Cathay Williams was born into slavery in Missiouri around 1844. Once the Civil War started, the teenage Williams was “liberated” only to be considered “contraband” and forced to work for Union Army officers until the end of the war. She worked as a cook and laundress for General Phillip Sheridan and his staff during his battles in the Shenandoah Valley.
When the war ended, she needed to find work; she turned to the army because it was the only thing she knew. At 5’9,” she was fairly tall for her sex and time, so she decided to put on men’s clothing, reverse her name to William Cathay, and enlist in the army. Private Cathay was assigned to Company A of the 38th US Volunteer Infantry and sent to New Mexico Territory. Her company marched five hundred miles down the Santa Fe Trail to Fort Union where they arrived on July 20, 1867. On September 7, they marched to Fort Cummings for eight months service. After that, Company A, consisting of Williams and seventy-four others, was transferred to Fort Bayard where Williams received a discharge with a Surgeon’s Certificate of Disability. Cathay Williams served with the “Buffalo Infantry” of Afro Americans from her enlistment on November 15, 1866 until her discharge on October 14, 1868. The “Buffalo soldiers”—so named by their Apache adversaries because their hair was like the hair of buffalo—saw dangerous duty that they performed well. Cathay Williams served honorably.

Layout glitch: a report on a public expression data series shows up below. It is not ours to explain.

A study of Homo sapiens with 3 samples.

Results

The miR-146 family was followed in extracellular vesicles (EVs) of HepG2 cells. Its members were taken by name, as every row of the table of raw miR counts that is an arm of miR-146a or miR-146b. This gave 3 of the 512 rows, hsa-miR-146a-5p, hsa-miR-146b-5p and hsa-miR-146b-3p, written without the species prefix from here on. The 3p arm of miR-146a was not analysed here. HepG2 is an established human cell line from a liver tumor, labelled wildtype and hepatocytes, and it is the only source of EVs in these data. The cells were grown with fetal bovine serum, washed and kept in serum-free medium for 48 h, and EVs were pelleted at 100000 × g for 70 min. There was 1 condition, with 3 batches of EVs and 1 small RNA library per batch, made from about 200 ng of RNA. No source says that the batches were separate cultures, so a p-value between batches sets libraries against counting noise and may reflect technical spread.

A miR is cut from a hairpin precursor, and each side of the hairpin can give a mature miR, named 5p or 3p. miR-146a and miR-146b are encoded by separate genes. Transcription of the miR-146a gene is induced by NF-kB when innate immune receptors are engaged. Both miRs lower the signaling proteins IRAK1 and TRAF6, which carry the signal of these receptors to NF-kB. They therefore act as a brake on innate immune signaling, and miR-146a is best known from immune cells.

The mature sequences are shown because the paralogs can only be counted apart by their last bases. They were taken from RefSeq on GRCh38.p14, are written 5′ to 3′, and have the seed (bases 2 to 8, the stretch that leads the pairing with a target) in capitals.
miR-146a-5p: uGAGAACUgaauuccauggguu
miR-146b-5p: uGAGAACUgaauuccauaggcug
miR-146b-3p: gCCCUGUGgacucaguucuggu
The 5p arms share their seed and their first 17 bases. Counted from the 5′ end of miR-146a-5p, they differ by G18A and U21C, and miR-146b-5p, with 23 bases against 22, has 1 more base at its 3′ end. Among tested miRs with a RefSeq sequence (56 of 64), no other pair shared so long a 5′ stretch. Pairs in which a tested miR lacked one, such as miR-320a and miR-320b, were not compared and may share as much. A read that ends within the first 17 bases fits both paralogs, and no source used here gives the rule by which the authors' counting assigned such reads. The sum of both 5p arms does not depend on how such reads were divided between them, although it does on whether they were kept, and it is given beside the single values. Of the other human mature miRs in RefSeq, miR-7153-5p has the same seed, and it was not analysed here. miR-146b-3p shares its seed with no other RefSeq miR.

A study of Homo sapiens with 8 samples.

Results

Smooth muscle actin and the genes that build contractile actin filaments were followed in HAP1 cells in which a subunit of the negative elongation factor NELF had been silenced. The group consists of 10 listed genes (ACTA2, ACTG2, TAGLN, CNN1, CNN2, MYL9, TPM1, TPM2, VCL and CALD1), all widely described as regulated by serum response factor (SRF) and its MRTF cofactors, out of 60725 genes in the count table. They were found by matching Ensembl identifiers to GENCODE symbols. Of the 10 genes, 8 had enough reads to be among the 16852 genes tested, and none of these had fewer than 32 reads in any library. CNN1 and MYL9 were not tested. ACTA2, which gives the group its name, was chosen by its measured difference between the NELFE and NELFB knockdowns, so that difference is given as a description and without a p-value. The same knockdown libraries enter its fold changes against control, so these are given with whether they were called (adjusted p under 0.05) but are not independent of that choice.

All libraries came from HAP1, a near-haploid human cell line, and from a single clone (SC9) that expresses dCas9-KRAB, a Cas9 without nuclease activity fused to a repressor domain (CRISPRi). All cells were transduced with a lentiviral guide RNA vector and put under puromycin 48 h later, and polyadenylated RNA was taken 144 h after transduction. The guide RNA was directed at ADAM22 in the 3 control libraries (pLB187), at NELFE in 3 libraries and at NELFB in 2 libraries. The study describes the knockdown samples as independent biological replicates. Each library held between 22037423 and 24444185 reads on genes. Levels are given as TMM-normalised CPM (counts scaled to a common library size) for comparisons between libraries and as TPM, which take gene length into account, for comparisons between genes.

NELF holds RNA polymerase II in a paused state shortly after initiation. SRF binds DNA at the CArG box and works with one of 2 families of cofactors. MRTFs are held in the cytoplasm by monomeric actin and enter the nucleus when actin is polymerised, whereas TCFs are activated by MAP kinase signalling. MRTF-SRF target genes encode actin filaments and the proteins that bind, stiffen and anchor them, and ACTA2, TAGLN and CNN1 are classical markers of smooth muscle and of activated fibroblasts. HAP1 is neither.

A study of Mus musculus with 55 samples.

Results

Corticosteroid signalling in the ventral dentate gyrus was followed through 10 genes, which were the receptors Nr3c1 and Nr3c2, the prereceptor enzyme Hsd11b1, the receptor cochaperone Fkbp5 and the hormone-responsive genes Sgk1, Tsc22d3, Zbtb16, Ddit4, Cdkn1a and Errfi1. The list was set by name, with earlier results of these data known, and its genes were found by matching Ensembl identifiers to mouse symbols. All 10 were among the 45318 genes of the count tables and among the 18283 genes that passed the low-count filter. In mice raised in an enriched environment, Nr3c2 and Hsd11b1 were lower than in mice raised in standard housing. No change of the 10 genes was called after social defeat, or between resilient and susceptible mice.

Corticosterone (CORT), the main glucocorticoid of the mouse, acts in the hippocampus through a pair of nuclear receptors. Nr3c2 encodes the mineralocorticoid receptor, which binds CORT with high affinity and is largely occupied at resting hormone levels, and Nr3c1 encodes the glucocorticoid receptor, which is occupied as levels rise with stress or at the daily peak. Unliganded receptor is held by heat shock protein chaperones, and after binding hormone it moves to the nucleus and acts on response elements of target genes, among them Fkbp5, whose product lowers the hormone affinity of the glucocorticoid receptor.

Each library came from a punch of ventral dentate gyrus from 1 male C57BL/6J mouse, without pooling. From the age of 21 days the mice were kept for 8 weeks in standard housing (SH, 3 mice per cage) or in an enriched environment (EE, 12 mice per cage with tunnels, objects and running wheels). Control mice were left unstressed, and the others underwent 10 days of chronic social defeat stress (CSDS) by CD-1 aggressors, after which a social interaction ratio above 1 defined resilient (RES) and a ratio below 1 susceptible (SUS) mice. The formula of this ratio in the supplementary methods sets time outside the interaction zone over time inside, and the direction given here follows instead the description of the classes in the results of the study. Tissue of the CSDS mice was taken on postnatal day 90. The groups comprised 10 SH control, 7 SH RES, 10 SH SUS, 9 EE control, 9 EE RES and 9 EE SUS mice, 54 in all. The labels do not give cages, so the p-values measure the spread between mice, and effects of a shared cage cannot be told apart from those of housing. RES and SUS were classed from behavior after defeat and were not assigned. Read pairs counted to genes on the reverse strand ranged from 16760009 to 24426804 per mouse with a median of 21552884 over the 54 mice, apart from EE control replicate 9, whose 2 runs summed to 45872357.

It is reported that at Fort Bayard, Williams faked an illness to be discharged and was “discovered” to be a woman. She did not file for her military pension until June of 1891 while she was in Trinidad, Colorado. Her petition was refused. The Saint Louis Daily Times published an article explaining her military service and life on January 2, 1876.
After her discharge, she worked odd jobs around New Mexico. She settled in Raton where she bought and operated a boarding house. Throughout her life she used her wit and self-reliance to maintain her independence. Cathay Williams died in Raton in 1924; she was reported to be eighty-two years old.
Cathy Williams, From Slave to Female Buffalo Soldier: by Phillip Thomas Tucker. Stackpole Books, 2002. From Slavery to Freedom: A History of Negro Americans. by John Hope Franklin. Alfred A. Knopf, New York, 1974. Frontier Women: The Trans-Mississippi West, 1840-1880.by Julie Roy Jeffrey. Hill and Wang, New York, 1979.
Caplan, Ramona L. Beatrice Chauvenet Fellow, Center for Southwest Research, University Libraries, University of New Mexico, Albuquerque. Research notes and studies. E-mail, etc.